Evelyn Satterly thought suffering a traumatic and life-changing motorcycle injury followed by months of recovery was hard enough.
But when the grandmother of five returned to her Fryerstown home to find a shocking rat infestation five months later, insult was truly added to injury.
On Saturday 6 December, 2014, Ms Satterly took part in the Bendigo Motorcycle Toy Run on her beloved T140 Bonneville, which she purchased in 1977.
While riding on the Midland Highway through Barkers Creek, she was knocked from her motorcycle by a car turning into Blackjack Rd, which had been hit by another car. She was then rushed to Bendigo Hospital and then to Melbourne’s Alfred hospital where she spent four weeks, including four days in intensive care.
“I’ve been riding since I was 18, it something that I’ve always loved doing,” Ms Satterly said. “But I never expected this to happen.”
She suffered a list of injuries, including breaking a major section of her right femur and a de-gloving (removal of a portion of skin) from her right foot.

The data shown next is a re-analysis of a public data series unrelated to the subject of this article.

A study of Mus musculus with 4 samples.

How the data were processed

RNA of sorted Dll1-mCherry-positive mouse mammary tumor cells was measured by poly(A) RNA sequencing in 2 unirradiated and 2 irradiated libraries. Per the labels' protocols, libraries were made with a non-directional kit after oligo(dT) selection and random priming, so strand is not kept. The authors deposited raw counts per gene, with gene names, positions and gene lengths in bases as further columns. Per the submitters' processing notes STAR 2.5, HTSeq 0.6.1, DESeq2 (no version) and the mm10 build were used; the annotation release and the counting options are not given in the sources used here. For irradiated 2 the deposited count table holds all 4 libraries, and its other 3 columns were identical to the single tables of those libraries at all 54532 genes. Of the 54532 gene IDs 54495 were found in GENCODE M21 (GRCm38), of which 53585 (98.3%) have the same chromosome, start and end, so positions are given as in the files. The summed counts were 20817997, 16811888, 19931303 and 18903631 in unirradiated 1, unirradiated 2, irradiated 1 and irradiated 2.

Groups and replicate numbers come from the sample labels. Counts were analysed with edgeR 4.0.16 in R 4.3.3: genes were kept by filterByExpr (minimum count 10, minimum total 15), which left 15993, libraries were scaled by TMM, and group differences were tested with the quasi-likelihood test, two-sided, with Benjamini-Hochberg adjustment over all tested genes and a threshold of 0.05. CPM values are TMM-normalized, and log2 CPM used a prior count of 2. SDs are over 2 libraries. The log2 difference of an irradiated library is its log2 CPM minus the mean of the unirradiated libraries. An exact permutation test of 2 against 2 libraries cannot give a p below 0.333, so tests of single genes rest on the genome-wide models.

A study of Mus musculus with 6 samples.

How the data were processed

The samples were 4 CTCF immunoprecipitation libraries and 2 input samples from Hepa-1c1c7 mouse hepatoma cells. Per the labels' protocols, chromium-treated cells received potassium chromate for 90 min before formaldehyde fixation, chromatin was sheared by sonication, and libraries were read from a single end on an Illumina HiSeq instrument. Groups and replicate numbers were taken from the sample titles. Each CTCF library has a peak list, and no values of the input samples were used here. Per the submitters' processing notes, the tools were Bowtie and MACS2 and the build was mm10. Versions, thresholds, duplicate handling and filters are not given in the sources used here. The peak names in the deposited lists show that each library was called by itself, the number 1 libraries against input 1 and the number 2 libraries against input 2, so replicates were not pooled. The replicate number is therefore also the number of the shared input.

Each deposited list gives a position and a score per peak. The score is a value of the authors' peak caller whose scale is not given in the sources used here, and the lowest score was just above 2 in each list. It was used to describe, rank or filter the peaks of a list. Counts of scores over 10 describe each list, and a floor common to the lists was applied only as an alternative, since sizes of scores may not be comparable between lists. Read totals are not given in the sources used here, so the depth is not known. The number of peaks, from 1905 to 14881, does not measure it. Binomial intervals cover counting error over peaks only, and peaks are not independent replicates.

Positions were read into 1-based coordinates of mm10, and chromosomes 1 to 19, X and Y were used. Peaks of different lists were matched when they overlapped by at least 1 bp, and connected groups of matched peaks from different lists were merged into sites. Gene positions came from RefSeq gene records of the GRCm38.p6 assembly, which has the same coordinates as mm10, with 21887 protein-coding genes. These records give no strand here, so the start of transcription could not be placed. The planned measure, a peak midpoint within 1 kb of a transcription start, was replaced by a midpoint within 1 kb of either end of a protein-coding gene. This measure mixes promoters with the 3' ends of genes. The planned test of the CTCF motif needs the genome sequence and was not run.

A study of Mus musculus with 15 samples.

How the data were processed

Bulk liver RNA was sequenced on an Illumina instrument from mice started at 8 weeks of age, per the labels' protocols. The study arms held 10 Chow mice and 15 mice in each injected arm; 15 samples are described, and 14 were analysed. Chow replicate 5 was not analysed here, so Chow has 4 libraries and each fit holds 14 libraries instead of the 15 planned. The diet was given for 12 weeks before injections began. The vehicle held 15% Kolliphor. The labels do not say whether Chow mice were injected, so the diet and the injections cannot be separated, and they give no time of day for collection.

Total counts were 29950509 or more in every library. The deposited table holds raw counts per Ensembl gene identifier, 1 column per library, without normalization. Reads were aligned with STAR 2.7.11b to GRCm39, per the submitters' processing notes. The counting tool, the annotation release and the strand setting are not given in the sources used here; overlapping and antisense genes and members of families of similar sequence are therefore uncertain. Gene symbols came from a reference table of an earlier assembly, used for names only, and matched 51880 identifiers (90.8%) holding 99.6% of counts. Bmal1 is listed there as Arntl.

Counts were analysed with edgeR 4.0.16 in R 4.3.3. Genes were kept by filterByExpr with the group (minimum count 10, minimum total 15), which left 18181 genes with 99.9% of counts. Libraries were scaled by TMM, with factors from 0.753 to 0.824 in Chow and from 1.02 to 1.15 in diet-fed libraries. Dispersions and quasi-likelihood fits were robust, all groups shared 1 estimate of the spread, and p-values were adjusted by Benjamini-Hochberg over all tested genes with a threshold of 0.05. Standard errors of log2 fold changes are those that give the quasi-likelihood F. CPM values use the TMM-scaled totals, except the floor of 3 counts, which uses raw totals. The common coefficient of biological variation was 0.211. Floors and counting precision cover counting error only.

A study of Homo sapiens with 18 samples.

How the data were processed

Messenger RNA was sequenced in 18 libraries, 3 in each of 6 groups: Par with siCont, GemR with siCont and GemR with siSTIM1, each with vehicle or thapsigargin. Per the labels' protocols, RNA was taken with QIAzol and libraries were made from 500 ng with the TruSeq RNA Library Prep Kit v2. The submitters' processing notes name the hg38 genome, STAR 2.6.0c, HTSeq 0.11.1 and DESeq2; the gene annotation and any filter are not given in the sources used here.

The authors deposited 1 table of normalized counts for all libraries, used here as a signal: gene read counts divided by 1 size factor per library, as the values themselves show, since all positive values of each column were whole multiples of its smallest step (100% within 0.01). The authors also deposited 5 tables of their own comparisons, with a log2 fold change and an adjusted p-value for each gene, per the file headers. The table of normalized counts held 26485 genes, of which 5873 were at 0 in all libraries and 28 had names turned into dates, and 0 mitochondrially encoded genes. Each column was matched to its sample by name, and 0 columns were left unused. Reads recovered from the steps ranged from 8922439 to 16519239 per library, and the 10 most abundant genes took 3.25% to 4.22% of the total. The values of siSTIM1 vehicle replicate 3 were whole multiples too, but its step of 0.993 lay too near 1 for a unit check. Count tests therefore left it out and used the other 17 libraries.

“My sock had actually been imbedded in my foot,” Ms Satterly said. “I’ve still got ongoing issues, such as my ankle bone not being in line.”
Following four months of treatment and rehabilitation, she returned to Fryerstown to find the house a mess with rats chewing through fly wire screen on the windows, clothes and “every piece of food they could find”.
“It was a terrible mess, I couldn’t live there,” she said. “I’ve had to stay with my daughter and when I come to Melbourne for treatment I stay with my father.
“I don’t like relying on other people, but my family has been wonderful throughout the whole process.”
“The fact that I did get the money is fantastic, it will really help me get everything back on track,” she said.
Slater and Gordon Senior Lawyer Sue Emery said the devastation of such an awful injury was compounded by the unfortunate state the house was found in. Ms Emery said it was extremely rewarding to be able to help Ms Satterly return her life to some normality.
“Her life has clearly been turned upside down and it was important that she received the compensation she was clearly entitled to,” Ms Emery said.